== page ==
A scheme is underway in the Scottish Borders to teach young teenagers how to drive, long before they're old enough to take the test.
The idea is to build their road awareness skills, and ensure they're fully prepared to take the wheel.
ITV Border's Matthew Taylor has this report.
Every four days a young person dies, or is seriously injured, in an accident on the Border region's roads.
It is the single biggest killer of young adults in the UK, and now a group of young people - including some from our region - are tackling the issue. They want to influence a forthcoming government Green Paper on young drivers.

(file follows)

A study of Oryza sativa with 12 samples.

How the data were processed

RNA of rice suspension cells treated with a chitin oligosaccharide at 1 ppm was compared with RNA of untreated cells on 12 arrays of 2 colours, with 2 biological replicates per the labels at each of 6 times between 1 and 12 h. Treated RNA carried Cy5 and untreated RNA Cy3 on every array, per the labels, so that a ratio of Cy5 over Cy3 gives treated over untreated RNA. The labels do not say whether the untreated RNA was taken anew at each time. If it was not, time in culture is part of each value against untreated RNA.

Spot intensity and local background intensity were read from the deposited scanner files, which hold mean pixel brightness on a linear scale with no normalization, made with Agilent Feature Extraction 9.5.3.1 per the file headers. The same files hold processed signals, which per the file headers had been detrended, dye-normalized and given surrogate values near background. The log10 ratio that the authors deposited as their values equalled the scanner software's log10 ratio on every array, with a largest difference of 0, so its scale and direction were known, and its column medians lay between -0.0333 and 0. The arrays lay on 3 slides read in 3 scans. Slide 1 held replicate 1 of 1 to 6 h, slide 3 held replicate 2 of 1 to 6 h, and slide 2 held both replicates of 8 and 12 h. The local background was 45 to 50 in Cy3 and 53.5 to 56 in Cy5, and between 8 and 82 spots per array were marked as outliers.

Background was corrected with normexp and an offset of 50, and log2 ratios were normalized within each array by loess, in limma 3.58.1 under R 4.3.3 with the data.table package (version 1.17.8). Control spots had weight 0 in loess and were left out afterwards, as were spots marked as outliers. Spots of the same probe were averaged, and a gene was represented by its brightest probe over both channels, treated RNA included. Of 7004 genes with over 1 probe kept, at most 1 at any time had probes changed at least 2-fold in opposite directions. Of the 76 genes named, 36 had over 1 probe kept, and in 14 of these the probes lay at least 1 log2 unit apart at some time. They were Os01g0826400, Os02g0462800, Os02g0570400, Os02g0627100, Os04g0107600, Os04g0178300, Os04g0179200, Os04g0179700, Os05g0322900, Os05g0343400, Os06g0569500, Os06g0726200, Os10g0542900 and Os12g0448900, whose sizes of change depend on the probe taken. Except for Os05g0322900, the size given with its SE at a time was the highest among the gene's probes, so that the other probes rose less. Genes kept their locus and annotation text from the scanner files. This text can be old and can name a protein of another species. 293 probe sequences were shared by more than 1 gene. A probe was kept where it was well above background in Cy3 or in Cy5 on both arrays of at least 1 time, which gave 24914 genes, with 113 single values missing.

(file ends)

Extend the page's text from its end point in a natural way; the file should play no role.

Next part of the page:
They gathered at a special event, with celebrities and politicians, in London, hosted by Fixers, the campaign that gives young people a voice:
To find out more about the ITV Fixers campaigns in the Border region, click here.
Parents are being asked to help drive home the road safety message to educate young motorists in Carlisle about the dangers of wreckless driving.
Statistics show young drivers, particularly those who've recently passed their test, are at the biggest risk of death and serious injury.
Cumbria County Council's Fire and Rescue Service is asking parents in Carlisle to make attending a road awareness training (RAT) course at Carlisle West Fire Station a condition of handing over the car keys.
The pilot scheme is aimed at young motorists aged between 17 and 24.
The 'Parents hold the keys to safer driving' campaign will involve driving instructors handing out leaflets and letters to parents of young motorists they're teaching.
Firefighters will be on hand to distribute leaflets and talk to parents at Sainsbury's between 10am and 3pm.